How Hydroelectric Power Kills Insects, and Why That Matters - Pacific Standard

How Hydroelectric Power Kills Insects, and Why That Matters


By Nathan Collins


Hydroelectric power is a well-established and low-cost form of renewable energy that doesn’t produce greenhouse gases. But, like any power source, it also has its dark side: A common hydroelectric power practice known as hydropeaking can be deadly to insects, with serious downstream consequences for a dammed river’s ecosystem, according to a paper in BioScience.

This is, of course, not the first time researchers have identified negative environmental impacts associated with damming rivers. Building a big wall across a river interferes with salmon and other fishes’ migration, even with age-old workarounds like fish ladders.

But, United States Geological Service biologist Theodore Kennedy and his colleagues point out, the danger to ecosystems could go beyond an immediate threat to fish populations. In particular, no one’s really looked at the consequences of hydropeaking, in which dam operators release more water through the dam during the day to produce more electricity when it’s most in demand. Like the underlying electricity demand, the hour-to-hour changes in river flow are enormous. In some places, river flows change by as much as a factor of 10 over the course of the day, leading to a cycle of drying and re-wetting along the shore of a river. That creates intertidal zones more akin to what you’d see at an ocean beach than a typical river.

Midges were most abundant where hydropeaking had the least effect on water levels.

The dry phases, Kennedy and his team point out, could be very bad for mayflies, caddisflies, and other insect species that birds and fish rely on for food—in particular, it could be very bad for their eggs. To test that idea, the researchers first collected mayfly and caddisfly eggs from Utah’s Green River, downstream of the Flaming Gorge Dam, and tested them under hydropeaking-like cycles of wet and dry. Very few survived.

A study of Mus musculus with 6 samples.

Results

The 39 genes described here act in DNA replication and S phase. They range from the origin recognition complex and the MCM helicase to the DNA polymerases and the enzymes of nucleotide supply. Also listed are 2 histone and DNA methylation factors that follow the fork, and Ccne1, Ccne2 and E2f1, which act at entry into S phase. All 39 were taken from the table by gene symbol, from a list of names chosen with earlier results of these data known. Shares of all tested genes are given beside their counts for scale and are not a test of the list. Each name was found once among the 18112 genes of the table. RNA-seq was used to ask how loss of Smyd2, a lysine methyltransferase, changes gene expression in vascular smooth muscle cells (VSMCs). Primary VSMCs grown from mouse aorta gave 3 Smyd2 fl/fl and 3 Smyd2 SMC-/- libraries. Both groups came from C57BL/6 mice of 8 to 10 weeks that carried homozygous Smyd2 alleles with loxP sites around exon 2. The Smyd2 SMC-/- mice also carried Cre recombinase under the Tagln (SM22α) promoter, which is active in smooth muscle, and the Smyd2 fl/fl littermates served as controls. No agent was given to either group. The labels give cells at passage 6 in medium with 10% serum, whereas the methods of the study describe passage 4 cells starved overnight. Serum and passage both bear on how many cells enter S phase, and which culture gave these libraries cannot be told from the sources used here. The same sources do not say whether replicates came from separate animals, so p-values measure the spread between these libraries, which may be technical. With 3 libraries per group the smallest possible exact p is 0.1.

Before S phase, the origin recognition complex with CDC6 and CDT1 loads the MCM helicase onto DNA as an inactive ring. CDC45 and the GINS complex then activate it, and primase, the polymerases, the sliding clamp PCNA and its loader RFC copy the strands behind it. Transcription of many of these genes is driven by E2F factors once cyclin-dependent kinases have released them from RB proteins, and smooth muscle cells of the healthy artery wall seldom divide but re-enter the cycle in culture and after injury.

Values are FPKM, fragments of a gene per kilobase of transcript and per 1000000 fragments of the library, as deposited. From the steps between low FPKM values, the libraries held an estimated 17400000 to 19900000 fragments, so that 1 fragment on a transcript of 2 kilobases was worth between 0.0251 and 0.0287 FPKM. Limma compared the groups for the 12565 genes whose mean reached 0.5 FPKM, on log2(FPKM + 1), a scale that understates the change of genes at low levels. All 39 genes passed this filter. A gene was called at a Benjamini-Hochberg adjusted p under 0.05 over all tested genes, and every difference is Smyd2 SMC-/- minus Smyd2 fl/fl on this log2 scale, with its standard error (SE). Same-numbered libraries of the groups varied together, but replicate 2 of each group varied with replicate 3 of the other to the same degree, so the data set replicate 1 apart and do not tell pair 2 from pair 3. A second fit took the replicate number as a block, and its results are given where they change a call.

To see how much impact hydropeaking had in the real world, however, the researchers turned to citizen scientists—specifically, river rafters on the Colorado River downstream from the Glen Canyon Dam. Each night, rafters collected insects at various points along the river. Combining that data with a model of hydropeaking’s effect on river flow at those points, the team was able to estimate the effects hydropeaking had on insects.

The results: While different species responded to hydropeaking differently, insects that lay their eggs right at the river’s edge, such as mayflies, had all but vanished from the Colorado River. Midges, which lay their eggs in somewhat broader areas, were most abundant at places where hydropeaking had the smallest effect on water levels. A follow-up study of 16 rivers in the Western U.S. confirmed that hydropeaking had a strong negative impact on insect biodiversity.

Whether or not you care about insects themselves—and many people don’t—the authors point out that healthy insect populations are essential for species that we do care about. “For instance, recent food-web and bioenergetics studies demonstrate that in the popular Lees Ferry sport fishery downstream of the Glen Canyon Dam, the maximum size and growth of rainbow trout are limited by the abundance and overall small size of their invertebrate prey,” Kennedy and his team write.

The lack of insect biodiversity also makes for unstable fish populations—an issue that fisheries managers need to take into account.